Ashcroft High School brings parents on careers journey

A former student and lifelong member of the local community is helping parents of Ashcroft High School students understand the career pathways that are available to their children. We spoke to Petar Matic, the school’s Careers Adviser, to learn more about what the school is doing to engage a diverse parent body in the ‘careers conversation.’

04 March 2021

Petar Matic, the Careers Adviser at Ashcroft High School in south-west Sydney didn’t set out to become a teacher. An Ashcroft student from 1996 to 2001, Petar studied immunology at university before deciding that the solitary life of a researcher wasn’t for him. After finishing his Science degree, Petar completed a postgrad qualification in teaching. Before he knew it, he was back at Ashcroft.

“I came back for a visit and one thing led to another,” says Petar, explaining how he went from relief teaching to a full-time post in fairly short order.

What followed was 10 years in the science faculty before a move, five years ago, to the Careers Adviser post. Today, most of Petar’s time is devoted to advising Ashcroft students on everything to do with work and their post-school study options, but he also spends a fair bit of time talking to parents.

“It’s often about setting parents’ minds at ease,” says Petar when we ask about his parental engagement efforts.

Ashcroft is situated in part of Sydney that is characterised by relatively high levels of socio-economic disadvantage, something which impacts Petar’s interactions with parents. For example, some parents are victims of intergenerational disadvantage themselves. As a result, some of them haven’t had positive employment experiences, and they tend not to understand the breadth of options available to their children. Other parents hold very traditional views on education. These parents often place a premium on tertiary pathways, although Petar tells us that the bias towards university is being “turned on its head” thanks, in part, to the work of the Educational Pathways Pilot Program (EPPP.)

“Students are starting to think more outside the box, and their parents are coming round,” says Petar.

Initiatives such as the TAFE NSW YES+ taster courses and the Beacon Foundation’s MyRoad sessions have been instrumental on this front, according to Petar. The idea is to get kids excited about the possibilities, and thinking outside what might be limited frames of reference, so they go home and start the ‘careers conversation’ with their parents. Sometimes parents are easily convinced, but when they’re not Petar is only too happy to sit down with them and discuss the options.

“I’m often the mediator. Students will come and see me and say ‘they’re not interested’, which is when we invite the family in for a meeting,” says Petar.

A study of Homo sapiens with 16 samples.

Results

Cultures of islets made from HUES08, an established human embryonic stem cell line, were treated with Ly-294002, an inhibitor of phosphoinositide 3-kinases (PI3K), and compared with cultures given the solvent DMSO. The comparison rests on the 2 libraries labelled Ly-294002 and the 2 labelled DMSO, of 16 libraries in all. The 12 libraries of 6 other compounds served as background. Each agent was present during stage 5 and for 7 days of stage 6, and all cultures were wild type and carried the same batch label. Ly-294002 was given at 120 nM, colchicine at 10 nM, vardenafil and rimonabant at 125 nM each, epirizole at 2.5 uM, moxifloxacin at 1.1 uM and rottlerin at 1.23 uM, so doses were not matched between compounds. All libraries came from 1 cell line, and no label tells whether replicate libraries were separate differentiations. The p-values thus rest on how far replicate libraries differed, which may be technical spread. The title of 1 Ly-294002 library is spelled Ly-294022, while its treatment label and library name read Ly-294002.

Once the parents are at school, Petar helps steer the conversation to a point everyone can agree on. Sometimes that involves showing the family what another student has achieved pursuing a similar pathway. Other times, it involves opening up websites such as MyFuture and JobOutlook, and walking parents through a student’s options. In these cases, Petar’s job amounts to “opening parents’ eyes” to various opportunities, but some cases call for a more tailored approach.

“We had one student whose parents really wanted her to become a midwife, but the student was struggling to get the results she needed to get into that course,” recalls Petar.

With the student and her parents facing an impasse, Petar sat the family down and mapped out their options. Together, Petar and the family explored the various pathways that would lead to nursing and then, potentially, midwifery. They explored the student’s university options, the college to university route and, finally, the TAFE to university pathway. In the end, the student opted for the vocational pathway and is currently enrolled in the TAFE NSW Diploma of Nursing.

“What we were saying was ‘your child can have all these successes without getting into that particular course,’” says Petar.

While that conversation proved to be relatively straightforward, Petar does encounter more complex situations owing to the school’s unique circumstances. Every year, a notable percentage of incoming Year 7 students at Ashcroft present with undiagnosed medical needs and disabilities. The school does a fantastic job identifying these things early and supporting students through their schooling. For example, Ashcroft provides a range of support through the Student Support Services faculty as well as the School Health faculty to help students thrive at school. Unsurprisingly, the school also does a great job helping students with specific needs to prepare for life after school.

Petar relayed the story of an NDIS-funded student with a vision-impairment who wanted to pursue a career in media. In that case, Petar met with the student’s family, her learning support officer and a transition support officer to figure out how best to support the student’s career aspirations. They considered such things as the magnification tools she might need, and also looked at her NDIS plan to ensure the funding allocation met her requirements.

“We do everything we can to ensure students are supported when they leave school,” says Petar.

Interestingly, that support doesn’t stop when students walk through the school gates for the last time. Ashcroft High School prides itself on the way it maintains connections with former students. In much the same way that the door at Ashcroft was open to Petar fifteen years ago, his is always open to former students who might be looking for a bit of advice.